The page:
COTTONWOOD A small graduation ceremony was held last week in Cottonwood. There were no caps with tassels and no family members to mark the milestone.
About 10 prisoners received certificates Wednesday, Feb. 1, at the North Idaho Correctional Institution (NICI). Those receiving recognition fulfilled requirements for the General Education Diploma (GED), substance abuse program, vocational training, and a program called Thinking for a Change.
Kevin Rehder, math teacher at NICI, spoke to the graduates briefly asking them to reflect on the work completed and offering his advice regarding happiness versus joy.
“Happiness is finite, it comes and goes in our lives,” he said. “Joy is something you feel inside yourself.”
Following Rehder, two inmates addressed the group of graduates. Both Joseph Lowry and Dale Erwin thanked the staff for assisting them in accomplishing goals each set. Lowry said later the graduation was just one more step toward life change.
“It’s a sense of excitement,” he said. “I haven’t seen my family in six months. I made some stupid decisions while I was on drugs. I always thought ‘I need to get myself cleaned up and get my GED.’ This is finishing something I never finished.”
He spoke about how staff helped him not only reach his educational goals, but also work toward remaining drug free. He talked about building a success plan and recognizing triggers that may cause him to relapse.
Lowry and Erwin both received vocational training at NICI, Lowry working with the color guard and as a janitor and Erwin working in the commissary. The intent of the program is providing job skills and reducing recidivism.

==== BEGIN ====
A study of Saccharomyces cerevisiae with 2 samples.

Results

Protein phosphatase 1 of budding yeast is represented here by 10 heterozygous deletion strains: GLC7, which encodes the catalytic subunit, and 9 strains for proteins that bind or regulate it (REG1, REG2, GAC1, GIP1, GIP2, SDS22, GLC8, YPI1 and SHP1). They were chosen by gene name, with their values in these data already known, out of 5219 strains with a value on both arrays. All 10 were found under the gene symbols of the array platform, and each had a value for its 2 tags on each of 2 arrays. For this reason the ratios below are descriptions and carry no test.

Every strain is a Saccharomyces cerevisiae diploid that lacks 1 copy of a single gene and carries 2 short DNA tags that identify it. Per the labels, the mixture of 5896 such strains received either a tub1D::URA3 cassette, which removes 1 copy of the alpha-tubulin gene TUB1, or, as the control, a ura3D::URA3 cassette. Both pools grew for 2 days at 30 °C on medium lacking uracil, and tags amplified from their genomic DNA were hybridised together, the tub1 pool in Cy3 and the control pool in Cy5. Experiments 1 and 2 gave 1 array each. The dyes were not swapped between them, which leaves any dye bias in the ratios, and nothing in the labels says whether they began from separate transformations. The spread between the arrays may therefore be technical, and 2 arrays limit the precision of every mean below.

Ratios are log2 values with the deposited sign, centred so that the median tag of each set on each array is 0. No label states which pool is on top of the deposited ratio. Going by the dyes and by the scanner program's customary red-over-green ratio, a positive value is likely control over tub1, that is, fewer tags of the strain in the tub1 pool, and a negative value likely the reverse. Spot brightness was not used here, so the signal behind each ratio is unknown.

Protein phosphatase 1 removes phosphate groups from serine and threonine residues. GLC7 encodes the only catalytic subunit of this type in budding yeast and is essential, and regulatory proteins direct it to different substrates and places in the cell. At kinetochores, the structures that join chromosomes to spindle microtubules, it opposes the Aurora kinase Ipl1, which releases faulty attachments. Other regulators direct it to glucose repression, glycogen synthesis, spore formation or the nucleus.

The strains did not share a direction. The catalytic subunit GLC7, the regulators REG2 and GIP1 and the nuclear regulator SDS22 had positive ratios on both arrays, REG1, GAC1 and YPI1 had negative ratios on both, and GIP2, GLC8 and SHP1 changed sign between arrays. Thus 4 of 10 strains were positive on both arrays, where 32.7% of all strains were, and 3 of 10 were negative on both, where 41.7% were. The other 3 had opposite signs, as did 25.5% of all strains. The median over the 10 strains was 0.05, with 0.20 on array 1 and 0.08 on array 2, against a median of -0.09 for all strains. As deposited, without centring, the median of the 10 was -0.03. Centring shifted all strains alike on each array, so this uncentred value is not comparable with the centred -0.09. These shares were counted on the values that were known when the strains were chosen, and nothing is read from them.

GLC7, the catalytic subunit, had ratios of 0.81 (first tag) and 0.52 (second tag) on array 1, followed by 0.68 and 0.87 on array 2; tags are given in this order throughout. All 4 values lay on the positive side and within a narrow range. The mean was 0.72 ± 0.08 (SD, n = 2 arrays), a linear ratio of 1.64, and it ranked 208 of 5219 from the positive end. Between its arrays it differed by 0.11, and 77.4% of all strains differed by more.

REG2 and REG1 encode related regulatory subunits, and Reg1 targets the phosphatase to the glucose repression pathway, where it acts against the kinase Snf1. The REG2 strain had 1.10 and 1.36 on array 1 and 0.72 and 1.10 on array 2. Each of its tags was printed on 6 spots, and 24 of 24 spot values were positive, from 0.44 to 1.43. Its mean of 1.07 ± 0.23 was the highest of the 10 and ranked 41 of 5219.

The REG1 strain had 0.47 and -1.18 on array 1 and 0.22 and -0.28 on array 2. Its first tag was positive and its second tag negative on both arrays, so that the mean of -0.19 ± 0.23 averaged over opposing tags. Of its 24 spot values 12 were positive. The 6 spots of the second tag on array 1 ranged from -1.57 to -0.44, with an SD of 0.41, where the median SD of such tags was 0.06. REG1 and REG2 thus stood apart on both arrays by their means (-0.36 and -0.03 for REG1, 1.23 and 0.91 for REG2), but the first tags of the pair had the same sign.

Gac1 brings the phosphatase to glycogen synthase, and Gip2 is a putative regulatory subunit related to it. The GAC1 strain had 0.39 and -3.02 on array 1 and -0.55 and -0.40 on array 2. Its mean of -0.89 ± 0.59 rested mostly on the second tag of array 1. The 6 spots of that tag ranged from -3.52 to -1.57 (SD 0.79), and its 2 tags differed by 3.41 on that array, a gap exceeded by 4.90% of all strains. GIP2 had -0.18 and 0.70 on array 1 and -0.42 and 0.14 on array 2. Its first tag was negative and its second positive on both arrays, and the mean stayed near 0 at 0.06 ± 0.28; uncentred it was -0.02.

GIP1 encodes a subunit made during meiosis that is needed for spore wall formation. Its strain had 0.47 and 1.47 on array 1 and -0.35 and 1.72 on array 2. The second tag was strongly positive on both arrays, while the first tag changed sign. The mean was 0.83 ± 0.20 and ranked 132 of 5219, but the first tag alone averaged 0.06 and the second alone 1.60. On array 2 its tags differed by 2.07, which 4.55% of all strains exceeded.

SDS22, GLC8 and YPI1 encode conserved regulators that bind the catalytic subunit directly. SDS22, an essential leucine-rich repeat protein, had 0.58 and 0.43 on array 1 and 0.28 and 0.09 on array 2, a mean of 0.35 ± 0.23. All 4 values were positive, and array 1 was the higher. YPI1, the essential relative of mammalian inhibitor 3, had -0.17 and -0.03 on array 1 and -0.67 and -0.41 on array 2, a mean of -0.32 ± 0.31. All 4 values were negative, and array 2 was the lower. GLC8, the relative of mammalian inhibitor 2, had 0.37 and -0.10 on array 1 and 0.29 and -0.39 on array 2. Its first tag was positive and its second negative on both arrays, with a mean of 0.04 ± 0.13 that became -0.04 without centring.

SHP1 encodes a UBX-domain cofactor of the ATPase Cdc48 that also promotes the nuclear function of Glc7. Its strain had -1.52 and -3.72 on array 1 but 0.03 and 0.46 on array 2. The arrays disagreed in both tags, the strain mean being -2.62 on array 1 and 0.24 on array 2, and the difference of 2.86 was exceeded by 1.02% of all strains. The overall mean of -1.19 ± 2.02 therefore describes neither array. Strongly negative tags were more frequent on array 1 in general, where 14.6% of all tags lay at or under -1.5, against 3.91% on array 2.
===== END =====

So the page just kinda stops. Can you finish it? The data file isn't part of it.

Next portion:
The programs are guided towards preparing inmates for life in their communities. The goal is success in the workplace and building positive relationships with their families. Along with the GED, substance abuse and vocational training, NICI also works with inmates through anger management and sex offender rehabilitation programs.
Warden Aaron Krieger said NICI has been recognized for the highest number of GED graduates in the state. While it’s an accomplishment for both the staff and the inmates, Krieger notes the goal is what he calls “corrections for results.”
“Ninety-seven percent of these men will return to their communities,” he said.
Brad Lutz, deputy warden, reiterates the importance of the program.
“If they don’t have an education,” he said. “[Released inmates] are more likely to commit a crime.”
NICI houses inmates who received a retained jurisdiction sentence. Staff evaluates each inmate as they arrive and provide programming based on the assessment. Upon successful completion of programs, a judge evaluates whether the inmate is a viable candidate for probation, or will be retained for incarceration.
Erwin said he has a hearing Feb. 7 and will learn whether he will be released.
“I have a baby back home that was born in September,” he said. “I haven’t even seen my baby yet. I’m looking forward to getting home to my family. This is exciting, it’s a step toward getting there.”